7

I'm quite sure my server's been hacked. I'm seeing these entries in my access log as the last two before a series of 500 error messages, It's related to the DB but I haven't found out the exact error yet. I'm still trying to figure out what it means - can anyone help me out:

208.90.56.152 - - [16/Jun/2011:16:18:04 +0000] "GET / HTTP/1.1" 200 3011 "-" "Mozilla/5.0 (Macintosh; Intel Mac OS X 10.6; rv:2.0.1) Gecko/20100101 Firefox/4.0.1"

69.162.74.102 - - [16/Jun/2011:16:25:00 +0000] "GET /w00tw00t.at.ISC.SANS.DFind:) HTTP/1.1" 400 315 "-" "-"

Update

OK - on further investigation - for some reason the mysql service was shut down. I restarted it, and everything LOOKS normal. No data's missing, but I'm really not feeling well over the spook of those weird entries - how can I check if someone's been inside my system?

In my MYSQl log I see these lines - how does that realte to what has happened?

Version: '5.0.77'  socket: '/var/lib/mysql/mysql.sock'  port: 3306  Source distribution
110616 17:34:20 [Note] /usr/libexec/mysqld: Normal shutdown

110616 17:34:20  InnoDB: Starting shutdown...
110616 17:34:21  InnoDB: Shutdown completed; log sequence number 0 2054508
110616 17:34:21 [Note] /usr/libexec/mysqld: Shutdown complete

110616 17:34:21  mysqld ended
16

The DFind scan is just that, a scan, and doesn't indicate a breach; you'll see it all the time if you're watching. See here.

That's a graceful MySQL shutdown, which may warrant further investigation, but isn't terribly suspicious on its own.

  • 4
    More info at seeing w00tw00t in the logs. – Cyclops Jun 16 '11 at 22:43
  • thank you for your answer. Do you have any advice on debugging the reason for the mysql shutdown - now I'm a bit worried about why the mysql service just shut down. – Jakob Jun 16 '11 at 22:49
  • 2
    To support M. Madden: I've been seeing this and others like it in my server logs for years, and they are not indicative of server compromises. They are the results of idle or malicious people nosing around looking for vulnerabilities. Per RFC 2616 § 14.23, your HTTP server should be treating these requests as erroneous, since they are HTTP 1.1 requests without a Host: header. By the logs posted, it appears that it is (status code 400). – JdeBP Jun 16 '11 at 23:17
5

Those two entries in the access log are nothing to worry about.

The first one is perfectly fine (someone at 208.90.56.152 asked for your website root and got it), and the second one looks like someone at 69.162.74.102 tried to access a file called w00tw00t.at.ISC.SANS.DFind:) on your site... and of course didn't find it.

People (or bots) may ask the weirdest things to your web server; this doesn't matter, what matters is that they don't find them :-)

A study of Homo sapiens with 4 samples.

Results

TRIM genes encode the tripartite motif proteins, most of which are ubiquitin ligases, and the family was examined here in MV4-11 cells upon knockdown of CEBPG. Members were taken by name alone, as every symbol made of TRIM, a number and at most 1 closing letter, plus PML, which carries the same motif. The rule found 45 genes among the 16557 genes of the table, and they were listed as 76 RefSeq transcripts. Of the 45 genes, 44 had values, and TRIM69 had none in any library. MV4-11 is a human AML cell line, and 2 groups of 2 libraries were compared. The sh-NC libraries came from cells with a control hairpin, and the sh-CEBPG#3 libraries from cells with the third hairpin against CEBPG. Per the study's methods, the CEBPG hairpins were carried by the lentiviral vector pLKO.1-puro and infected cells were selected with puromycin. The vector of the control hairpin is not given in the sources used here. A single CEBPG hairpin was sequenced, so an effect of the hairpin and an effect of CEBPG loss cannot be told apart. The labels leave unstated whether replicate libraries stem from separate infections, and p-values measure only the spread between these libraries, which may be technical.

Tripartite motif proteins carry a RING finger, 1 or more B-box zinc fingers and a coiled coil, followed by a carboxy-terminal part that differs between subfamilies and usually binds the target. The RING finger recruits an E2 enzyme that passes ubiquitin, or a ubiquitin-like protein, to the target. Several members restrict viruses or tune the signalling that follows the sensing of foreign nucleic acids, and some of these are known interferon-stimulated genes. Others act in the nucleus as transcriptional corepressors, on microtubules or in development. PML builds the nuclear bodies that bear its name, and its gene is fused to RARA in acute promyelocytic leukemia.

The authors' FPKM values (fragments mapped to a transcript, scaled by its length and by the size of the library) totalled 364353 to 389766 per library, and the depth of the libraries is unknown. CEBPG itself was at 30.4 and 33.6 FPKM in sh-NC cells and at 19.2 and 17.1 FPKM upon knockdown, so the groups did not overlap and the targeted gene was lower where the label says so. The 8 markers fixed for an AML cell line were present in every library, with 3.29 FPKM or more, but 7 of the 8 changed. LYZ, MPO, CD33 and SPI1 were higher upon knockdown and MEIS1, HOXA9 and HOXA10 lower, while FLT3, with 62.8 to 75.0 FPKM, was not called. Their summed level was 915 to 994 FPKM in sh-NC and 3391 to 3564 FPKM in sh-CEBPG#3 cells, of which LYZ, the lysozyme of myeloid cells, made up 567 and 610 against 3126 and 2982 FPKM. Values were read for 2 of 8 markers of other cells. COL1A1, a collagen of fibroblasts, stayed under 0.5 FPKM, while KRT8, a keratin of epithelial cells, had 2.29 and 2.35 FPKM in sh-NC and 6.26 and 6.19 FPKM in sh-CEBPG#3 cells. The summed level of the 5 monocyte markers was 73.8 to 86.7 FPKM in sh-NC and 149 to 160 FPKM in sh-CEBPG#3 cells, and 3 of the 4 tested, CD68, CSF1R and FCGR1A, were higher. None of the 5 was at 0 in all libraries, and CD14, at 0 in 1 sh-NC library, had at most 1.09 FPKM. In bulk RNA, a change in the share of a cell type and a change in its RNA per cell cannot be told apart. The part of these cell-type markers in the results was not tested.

• so it's just a coincidence that my mysql service went down not long after that request? – Jakob Jun 16 '11 at 22:29
  • 2
    I think so. If you look at the time more carefully, you'll also see that MySQL actually went down more than one hour later. – Massimo Jun 16 '11 at 22:31
  • Thank you for your response (I can't vote up because I don't have enough cred :) – Jakob Jun 16 '11 at 22:49
  • Hi Massimo, what if my website is not public? What if only I know - or supposed to know - the IP/url? In that case it sounds like a malicious attack, isn't it? I received two three requests from 3 IPs: one for "w00tw00t.at.ISC.SANS.DFind" and two for "tmUnblock.cgi". – amar Oct 8 '14 at 2:35
  • If the strange request comes from an internal address and you can track it to an internal computer, feel free to investigate it. But it could be infected by some malware, it's not necessarily a deliberate attack by a malicious user. – Massimo Oct 8 '14 at 5:41
3

A record of GET /w00tw00t.at.ISC.SANS.DFind:) HTTP/1.1 in your Raw Access logs indicates that someone is running vulnerability scanner which has this fingerprint.

By itself, this entry does not mean that you have been hacked. It only means that someone has been scanning your server for potential vulnerabilities using a web vulnerability scanner. These entries can be followed by other brute-force entries (the actual hack attempts).

This entry should send you a message. Keep your code clean! Most web sites are attacked in one way or another almost every day. Your best defense is to learn what you can do to keep your files, directories, and scripts safe from hackers. Be sure you have your file and directory permissions set properly. Even more importantly, only use safe scripts that have a good reputation for security on the Internet, and be sure that you always check the parent sites for your scripts at least once a month for updates and bug fixes.

Related:

  • You cannot tell from the "400" code whether the hacking attempt was successful. A scan is only the first step of a hack and is carried out to obtain information about your system. Regardless of what response your server decides to send (or whether it cuts the connection), the behaviour informs the next step in the attack. (Of course, if you have a reasonably configured system, the next step usually is to find an easier target.) – Joachim Wagner Sep 18 '18 at 12:40
  • Improved the answer – kenorb Sep 18 '18 at 13:33
0

As others have mentioned, it's just a scanner. Across a few dozen webservers, I've seen about 15 variations of w00t; probably a few hundred thousands hits over the past year. If it bugs you, just add an Apache directive to deny connections to any client with a w00t UserAgent string. I track this stuff, so I let it hit.